FOR IMMEDIATE RELEASE
ACS News Service Weekly PressPac: March 24, 2021
Small robot swimmers that heal themselves from damage (video)
Living tissue can heal itself from many injuries, but giving similar abilities to artificial systems, such as robots, has been extremely challenging. Now, researchers reporting in ACS' Nano Letters have developed small, swimming robots that can magnetically heal themselves on-the-fly after breaking into two or three pieces. The strategy could someday be used to make hardier devices for environmental or industrial clean up, the researchers say.
Scientists have developed small robots that can “swim” through fluids and carry out useful functions, such as cleaning up the environment, delivering drugs and performing surgery. Although most experiments have been done in the lab, eventually these tiny machines would be released into harsh environments, where they could become damaged. Swimming robots are often made of brittle polymers or soft hydrogels, which can easily crack or tear. Joseph Wang and colleagues wanted to design swimmers that could heal themselves while in motion, without help from humans or other external triggers.
The researchers made swimmers that were 2 cm long (about the width of a human finger) in the shape of a fish that contained a conductive bottom layer; a rigid, hydrophobic middle layer; and an upper strip of aligned, strongly magnetic microparticles. The team added platinum to the tail, which reacted with hydrogen peroxide fuel to form oxygen bubbles that propelled the robot. When the researchers placed a swimmer in a petri dish filled with a weak hydrogen peroxide solution, it moved around the edge of the dish. Then, they cut the swimmer with a blade, and the tail kept traveling around until it approached the rest of the body, reforming the fish shape through a strong magnetic interaction. The robots could also heal themselves when cut into three pieces, or when the magnetic strip was placed in different configurations. The versatile, fast and simple self-healing strategy could be an important step toward on-the-fly repair for small-scale swimmers and robots, the researchers say.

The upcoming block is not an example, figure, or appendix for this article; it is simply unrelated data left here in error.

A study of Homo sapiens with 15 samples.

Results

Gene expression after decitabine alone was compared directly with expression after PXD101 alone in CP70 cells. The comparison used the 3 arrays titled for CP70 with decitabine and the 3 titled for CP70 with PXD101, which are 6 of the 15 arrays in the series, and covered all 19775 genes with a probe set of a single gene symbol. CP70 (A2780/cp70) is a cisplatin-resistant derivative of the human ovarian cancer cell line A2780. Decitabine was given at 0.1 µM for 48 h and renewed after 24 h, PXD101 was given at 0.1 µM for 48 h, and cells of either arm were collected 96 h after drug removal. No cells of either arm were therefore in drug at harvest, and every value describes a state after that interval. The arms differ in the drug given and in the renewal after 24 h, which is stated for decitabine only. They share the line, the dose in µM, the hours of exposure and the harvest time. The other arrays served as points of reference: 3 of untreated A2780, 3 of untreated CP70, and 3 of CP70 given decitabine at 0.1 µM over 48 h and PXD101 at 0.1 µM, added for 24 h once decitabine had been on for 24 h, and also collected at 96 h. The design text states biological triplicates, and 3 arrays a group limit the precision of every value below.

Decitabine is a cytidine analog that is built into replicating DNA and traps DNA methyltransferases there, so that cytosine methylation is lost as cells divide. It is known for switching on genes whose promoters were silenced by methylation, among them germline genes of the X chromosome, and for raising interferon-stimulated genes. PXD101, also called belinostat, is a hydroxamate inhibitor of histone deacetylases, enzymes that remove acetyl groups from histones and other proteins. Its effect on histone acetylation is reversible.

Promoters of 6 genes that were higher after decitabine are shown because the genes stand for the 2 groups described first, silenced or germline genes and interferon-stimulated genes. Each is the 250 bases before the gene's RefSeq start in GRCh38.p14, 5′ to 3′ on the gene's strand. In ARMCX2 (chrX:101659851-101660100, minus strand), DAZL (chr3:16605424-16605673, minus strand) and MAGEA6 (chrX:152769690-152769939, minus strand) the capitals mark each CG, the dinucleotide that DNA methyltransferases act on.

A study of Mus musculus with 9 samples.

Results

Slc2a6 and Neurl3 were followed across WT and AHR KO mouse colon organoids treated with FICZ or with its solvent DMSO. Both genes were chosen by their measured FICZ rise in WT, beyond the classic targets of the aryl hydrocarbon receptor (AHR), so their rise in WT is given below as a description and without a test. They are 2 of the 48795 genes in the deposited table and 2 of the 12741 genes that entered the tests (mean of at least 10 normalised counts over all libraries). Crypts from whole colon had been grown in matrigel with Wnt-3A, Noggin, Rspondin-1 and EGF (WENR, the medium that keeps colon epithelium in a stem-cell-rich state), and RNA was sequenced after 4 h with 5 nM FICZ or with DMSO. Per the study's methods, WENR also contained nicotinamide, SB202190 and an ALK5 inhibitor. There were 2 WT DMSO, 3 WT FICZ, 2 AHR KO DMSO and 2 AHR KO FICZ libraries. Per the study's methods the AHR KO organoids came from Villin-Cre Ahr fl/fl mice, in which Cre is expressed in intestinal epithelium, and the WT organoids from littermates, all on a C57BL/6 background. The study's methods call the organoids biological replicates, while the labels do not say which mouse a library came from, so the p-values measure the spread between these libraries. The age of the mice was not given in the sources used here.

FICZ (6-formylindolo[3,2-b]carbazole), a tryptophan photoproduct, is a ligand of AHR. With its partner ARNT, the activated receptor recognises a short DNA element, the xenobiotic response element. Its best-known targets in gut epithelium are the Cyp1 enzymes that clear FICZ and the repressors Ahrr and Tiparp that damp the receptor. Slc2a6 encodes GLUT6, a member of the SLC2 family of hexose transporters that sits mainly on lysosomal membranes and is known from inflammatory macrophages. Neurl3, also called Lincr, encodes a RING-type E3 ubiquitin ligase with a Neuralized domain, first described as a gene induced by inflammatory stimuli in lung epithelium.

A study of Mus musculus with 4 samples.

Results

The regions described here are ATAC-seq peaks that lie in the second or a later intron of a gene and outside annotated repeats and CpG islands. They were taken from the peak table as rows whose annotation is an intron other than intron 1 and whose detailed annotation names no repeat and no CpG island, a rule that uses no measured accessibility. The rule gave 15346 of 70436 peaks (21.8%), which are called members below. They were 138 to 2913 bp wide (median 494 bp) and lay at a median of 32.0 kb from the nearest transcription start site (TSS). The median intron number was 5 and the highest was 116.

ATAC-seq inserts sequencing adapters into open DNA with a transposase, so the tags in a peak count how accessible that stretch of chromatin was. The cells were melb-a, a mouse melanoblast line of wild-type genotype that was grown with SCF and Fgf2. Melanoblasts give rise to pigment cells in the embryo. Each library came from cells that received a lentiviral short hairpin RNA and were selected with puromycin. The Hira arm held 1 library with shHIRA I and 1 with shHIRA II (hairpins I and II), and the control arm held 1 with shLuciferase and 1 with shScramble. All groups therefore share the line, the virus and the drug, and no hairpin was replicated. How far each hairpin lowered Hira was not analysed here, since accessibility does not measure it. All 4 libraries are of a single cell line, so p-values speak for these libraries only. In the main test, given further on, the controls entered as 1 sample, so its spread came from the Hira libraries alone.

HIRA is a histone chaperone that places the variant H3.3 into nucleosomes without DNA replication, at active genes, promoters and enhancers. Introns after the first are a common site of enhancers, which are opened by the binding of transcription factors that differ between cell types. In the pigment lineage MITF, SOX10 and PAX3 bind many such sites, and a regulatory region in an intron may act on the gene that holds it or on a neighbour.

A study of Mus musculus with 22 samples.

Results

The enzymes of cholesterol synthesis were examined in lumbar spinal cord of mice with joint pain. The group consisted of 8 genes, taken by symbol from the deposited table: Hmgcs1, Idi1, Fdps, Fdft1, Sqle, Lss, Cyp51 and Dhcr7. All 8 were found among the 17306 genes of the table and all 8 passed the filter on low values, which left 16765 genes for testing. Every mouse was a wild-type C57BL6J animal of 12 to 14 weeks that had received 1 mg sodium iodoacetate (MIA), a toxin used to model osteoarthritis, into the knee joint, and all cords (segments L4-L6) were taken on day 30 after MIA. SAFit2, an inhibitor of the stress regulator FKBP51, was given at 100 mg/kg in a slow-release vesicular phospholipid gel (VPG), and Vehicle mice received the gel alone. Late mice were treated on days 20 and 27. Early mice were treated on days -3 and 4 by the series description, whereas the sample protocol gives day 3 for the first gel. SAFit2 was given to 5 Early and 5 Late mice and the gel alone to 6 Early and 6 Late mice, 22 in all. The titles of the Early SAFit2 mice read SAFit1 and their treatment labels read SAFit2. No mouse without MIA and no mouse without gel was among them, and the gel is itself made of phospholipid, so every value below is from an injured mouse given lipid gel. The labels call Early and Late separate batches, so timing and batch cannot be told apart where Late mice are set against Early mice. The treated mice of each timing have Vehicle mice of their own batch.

The American Chemical Society (ACS) is a nonprofit organization chartered by the U.S. Congress. ACS’ mission is to advance the broader chemistry enterprise and its practitioners for the benefit of Earth and all its people. The Society is a global leader in promoting excellence in science education and providing access to chemistry-related information and research through its multiple research solutions, peer-reviewed journals, scientific conferences, eBooks and weekly news periodical Chemical & Engineering News. ACS journals are among the most cited, most trusted and most read within the scientific literature; however, ACS itself does not conduct chemical research. As a specialist in scientific information solutions (including SciFinder® and STN®), its CAS division powers global research, discovery and innovation. ACS’ main offices are in Washington, D.C., and Columbus, Ohio.
To automatically receive press releases from the American Chemical Society, contact firstname.lastname@example.org.
Note: ACS does not conduct research, but publishes and publicizes peer-reviewed scientific studies.